The post-2015 development agenda will require both a catalytic and transformative shift in the way we conceptualize and implement development. This was the key argument that Dr. Hubert Gijzen, Director and Representative UNESCO Jakarta, presented at the start of his keynote speech.
He further said that if we do not transform ourselves then we are in trouble. But how do we transform ourselves?
Often when we say we are catalysts, we focus on catalyzing change with the stakeholders we work with. Taking a narrow chemistry definition – a catalyst is a substance that hastens a reaction while not being changed by the reaction.
If we are to be effective as education advocates then we need to not just be a part of this transformation process, but equally be transformed by what is essentially an education and learning process.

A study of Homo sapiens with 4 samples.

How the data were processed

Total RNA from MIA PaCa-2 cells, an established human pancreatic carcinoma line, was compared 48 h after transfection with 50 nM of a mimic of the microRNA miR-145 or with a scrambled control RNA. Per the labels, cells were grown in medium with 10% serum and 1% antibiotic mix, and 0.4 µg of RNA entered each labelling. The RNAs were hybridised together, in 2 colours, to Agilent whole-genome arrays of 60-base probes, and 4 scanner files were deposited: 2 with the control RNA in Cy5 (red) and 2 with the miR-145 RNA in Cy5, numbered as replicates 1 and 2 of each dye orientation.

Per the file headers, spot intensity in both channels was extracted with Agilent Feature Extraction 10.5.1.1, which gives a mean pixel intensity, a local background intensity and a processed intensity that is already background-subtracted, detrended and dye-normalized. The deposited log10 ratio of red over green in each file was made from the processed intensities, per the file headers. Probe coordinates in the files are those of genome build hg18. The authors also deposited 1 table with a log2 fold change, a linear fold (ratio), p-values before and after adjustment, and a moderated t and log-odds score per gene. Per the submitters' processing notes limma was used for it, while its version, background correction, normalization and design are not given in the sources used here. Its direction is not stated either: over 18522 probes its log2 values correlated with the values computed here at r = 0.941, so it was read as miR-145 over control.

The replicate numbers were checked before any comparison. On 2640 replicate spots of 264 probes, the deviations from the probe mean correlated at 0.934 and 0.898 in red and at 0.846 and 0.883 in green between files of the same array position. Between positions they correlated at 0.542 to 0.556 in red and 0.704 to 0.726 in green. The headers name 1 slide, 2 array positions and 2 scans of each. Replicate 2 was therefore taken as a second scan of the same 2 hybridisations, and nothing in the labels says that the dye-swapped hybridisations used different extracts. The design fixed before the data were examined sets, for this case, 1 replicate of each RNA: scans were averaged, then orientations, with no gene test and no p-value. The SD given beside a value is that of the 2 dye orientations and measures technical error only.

In addition Dr Gijzen emphasized the need for us to be able to zoom out, to see and appreciate the bigger picture, while also zooming forward to see and work towards the desired future. Often we need to be simultaneously be grounded in the present, see into a shared vision of the future while keeping a broad overview to ensure that one takes a holistic and integrated perspectives.
This ability to view multiple perspectives is learned. However, the more educated we become, the more we know about less. Is this the kind of education we advocate for?
This morning was an opportunity for us to look at the bigger picture – through the global picture of the post 2015 development agenda; while keeping our eye on the shared vision of sustainable development; and also focusing on the minute details of the Indonesian context.
May we take these abilities to transform ourselves and keep these multiple perspectives in sight as we prepare to plan and strategize for the future we want.